MANILA, Philippines – Health Secretary Francisco Duque III said officials “could have waited” for the clinical trials on the Dengvaxia vaccine to be completed before they launched the now-suspended dengue vaccination program.
He was asked on Thursday, January 25 to clarify whether or not the clinical trials for Sanofi Pasteur’s dengue vaccine were completed before then-Department of Health (DOH) chief Janette Garin launched the program in April 2016.
Duque said the Research Institute for Tropical Medicine’s (RITM) clinical trial on Dengvaxia’s safety was not finished yet when the program was implemented in public schools in the National Capital Region, Central Luzon, and Calabarzon. (READ: TIMELINE: Dengue immunization program for public school students)
He said this was because the 6-year study on the vaccine’s safety lasted from 2011 to 2017. An earlier trial on Dengvaxia’s efficacy, or its ability to combat dengue, was done between 2011 to 2014.
“They started giving the Dengvaxia as early as early 2016… The findings on the [possible development of] severe dengue came out after they concluded the phase 3 in September of 2017,” explained Duque.
“So if they had waited [for] 2017, then they would have known they can’t give these Dengvaxia [vaccine vials] to children who never had dengue in the past, because that is exactly what the advisory of Sanofi says,” added the DOH chief, who had an open forum with parents of vaccinated students in Santa Rosa Central Elementary School.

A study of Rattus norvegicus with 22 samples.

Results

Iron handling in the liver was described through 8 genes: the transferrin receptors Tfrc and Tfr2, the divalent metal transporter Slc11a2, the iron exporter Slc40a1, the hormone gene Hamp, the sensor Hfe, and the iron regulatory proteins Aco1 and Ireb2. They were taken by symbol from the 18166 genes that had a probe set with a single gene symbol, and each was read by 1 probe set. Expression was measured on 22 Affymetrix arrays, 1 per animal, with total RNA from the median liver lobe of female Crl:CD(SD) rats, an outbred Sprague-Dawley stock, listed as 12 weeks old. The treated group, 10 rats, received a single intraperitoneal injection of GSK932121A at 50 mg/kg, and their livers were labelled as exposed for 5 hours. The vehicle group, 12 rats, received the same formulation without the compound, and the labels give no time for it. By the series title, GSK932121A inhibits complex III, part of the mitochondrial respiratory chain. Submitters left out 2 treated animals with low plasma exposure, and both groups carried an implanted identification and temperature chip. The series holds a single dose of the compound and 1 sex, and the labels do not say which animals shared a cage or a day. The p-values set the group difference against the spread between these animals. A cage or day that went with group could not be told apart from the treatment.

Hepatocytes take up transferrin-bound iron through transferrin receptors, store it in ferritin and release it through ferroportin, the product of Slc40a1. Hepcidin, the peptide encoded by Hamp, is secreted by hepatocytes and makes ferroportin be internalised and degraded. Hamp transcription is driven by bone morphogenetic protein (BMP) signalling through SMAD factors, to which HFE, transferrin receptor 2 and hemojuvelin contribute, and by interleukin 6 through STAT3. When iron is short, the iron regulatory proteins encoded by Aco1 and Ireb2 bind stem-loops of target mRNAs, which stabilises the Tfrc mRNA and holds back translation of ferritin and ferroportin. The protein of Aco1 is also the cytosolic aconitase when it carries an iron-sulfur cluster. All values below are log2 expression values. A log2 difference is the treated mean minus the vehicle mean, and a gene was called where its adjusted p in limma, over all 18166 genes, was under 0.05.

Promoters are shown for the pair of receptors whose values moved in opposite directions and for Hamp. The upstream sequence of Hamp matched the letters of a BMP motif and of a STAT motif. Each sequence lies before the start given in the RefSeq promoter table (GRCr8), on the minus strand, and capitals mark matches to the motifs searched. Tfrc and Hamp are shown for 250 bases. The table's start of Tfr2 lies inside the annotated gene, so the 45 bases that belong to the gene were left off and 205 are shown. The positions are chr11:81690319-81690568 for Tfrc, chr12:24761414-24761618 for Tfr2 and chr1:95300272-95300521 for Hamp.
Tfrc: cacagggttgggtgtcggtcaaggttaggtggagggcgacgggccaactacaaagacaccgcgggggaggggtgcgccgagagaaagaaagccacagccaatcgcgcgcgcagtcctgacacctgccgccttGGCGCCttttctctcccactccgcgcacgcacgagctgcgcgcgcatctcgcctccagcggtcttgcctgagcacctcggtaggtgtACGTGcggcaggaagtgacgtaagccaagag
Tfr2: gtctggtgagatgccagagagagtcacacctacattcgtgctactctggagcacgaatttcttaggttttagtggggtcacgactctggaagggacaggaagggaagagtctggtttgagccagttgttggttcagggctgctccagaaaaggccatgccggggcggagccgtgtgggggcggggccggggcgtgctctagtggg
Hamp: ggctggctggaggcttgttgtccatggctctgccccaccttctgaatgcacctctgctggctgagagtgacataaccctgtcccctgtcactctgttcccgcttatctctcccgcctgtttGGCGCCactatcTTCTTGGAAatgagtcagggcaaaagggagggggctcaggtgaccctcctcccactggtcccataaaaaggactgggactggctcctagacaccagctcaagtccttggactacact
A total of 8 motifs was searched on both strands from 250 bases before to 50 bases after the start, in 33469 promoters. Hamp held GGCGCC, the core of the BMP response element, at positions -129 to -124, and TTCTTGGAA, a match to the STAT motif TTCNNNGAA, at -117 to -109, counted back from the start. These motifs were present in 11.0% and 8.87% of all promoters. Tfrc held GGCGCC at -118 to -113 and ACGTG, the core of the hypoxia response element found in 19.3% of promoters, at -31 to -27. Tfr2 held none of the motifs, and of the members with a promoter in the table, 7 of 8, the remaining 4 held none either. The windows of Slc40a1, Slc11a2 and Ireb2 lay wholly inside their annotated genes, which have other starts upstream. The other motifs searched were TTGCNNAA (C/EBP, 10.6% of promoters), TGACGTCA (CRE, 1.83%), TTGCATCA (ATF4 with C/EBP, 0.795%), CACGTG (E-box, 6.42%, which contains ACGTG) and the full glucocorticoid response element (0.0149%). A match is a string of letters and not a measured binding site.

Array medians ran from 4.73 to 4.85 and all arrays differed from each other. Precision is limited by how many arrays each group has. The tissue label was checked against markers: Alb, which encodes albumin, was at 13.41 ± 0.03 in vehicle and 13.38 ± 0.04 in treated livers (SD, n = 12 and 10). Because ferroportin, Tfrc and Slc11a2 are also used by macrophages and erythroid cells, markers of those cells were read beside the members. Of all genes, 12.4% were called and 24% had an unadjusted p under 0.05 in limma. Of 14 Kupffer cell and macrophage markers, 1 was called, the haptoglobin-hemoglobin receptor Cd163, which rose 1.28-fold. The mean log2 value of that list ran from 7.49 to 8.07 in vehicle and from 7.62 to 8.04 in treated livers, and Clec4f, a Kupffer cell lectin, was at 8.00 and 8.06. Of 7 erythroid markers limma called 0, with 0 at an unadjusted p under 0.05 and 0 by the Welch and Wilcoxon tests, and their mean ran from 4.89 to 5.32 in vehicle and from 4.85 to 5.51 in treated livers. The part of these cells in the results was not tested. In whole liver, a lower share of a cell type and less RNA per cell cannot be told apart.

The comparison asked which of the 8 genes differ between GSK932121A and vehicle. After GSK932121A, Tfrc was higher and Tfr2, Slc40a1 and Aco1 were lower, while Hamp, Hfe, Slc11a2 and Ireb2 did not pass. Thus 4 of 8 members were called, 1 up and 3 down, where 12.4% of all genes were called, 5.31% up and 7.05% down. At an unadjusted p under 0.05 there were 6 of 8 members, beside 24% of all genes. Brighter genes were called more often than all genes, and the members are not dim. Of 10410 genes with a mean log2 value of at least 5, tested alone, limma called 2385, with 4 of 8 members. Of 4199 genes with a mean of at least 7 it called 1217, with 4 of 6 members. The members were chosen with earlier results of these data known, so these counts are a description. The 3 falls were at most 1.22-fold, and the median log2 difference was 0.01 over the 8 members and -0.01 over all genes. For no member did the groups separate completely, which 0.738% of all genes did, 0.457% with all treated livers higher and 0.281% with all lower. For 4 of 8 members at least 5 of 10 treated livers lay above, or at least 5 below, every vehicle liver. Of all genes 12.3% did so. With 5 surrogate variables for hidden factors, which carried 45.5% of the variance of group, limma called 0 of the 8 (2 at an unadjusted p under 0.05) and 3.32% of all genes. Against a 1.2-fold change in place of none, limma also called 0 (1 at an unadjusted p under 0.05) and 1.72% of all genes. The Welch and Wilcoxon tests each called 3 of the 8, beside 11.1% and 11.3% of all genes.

Other public health experts critical of Dengvaxia's mass use in the Philippines shared Duque's sentiments. (READ: Mass use of dengue vaccine had no backing of DOH medical experts)
Less than two years after Garin launched the immunization program, Sanofi warned Dengvaxia could lead a person to develop severe dengue symptoms if he or she had not been infected by the virus prior immunization. (READ: 'Bad science, wrong info' root of Dengvaxia problem – health experts)
Duque immediately suspended the program, but not before at least 837,000 Filipino gradeschoolers got the risky vaccine. The Dengvaxia controversy is now the subject of two congressional probes.
The health chief has been going around schools where kids got vaccinated as part of DOH's heightened surveillance of the vaccinees.
In a statement released on January 19, RITM said Dengvaxia is safe to use and its clinical trial was accurately conducted.
“The RITM researchers firmly stand that the clinical trial on the dengue vaccine was responsibly conducted, uncorrupted by any conflict of interests, has provided accurate and unbiased results, and most importantly, has upheld the safety of its research participants more than its scientific goals,” RITM said
The institute is mandated by law to conduct “clinical trials aimed at better understanding and control of tropical diseases,” among others.
The RITM explained its researched may be “investigator-initiated, most often grants through competition, commissioned, or industry supported.”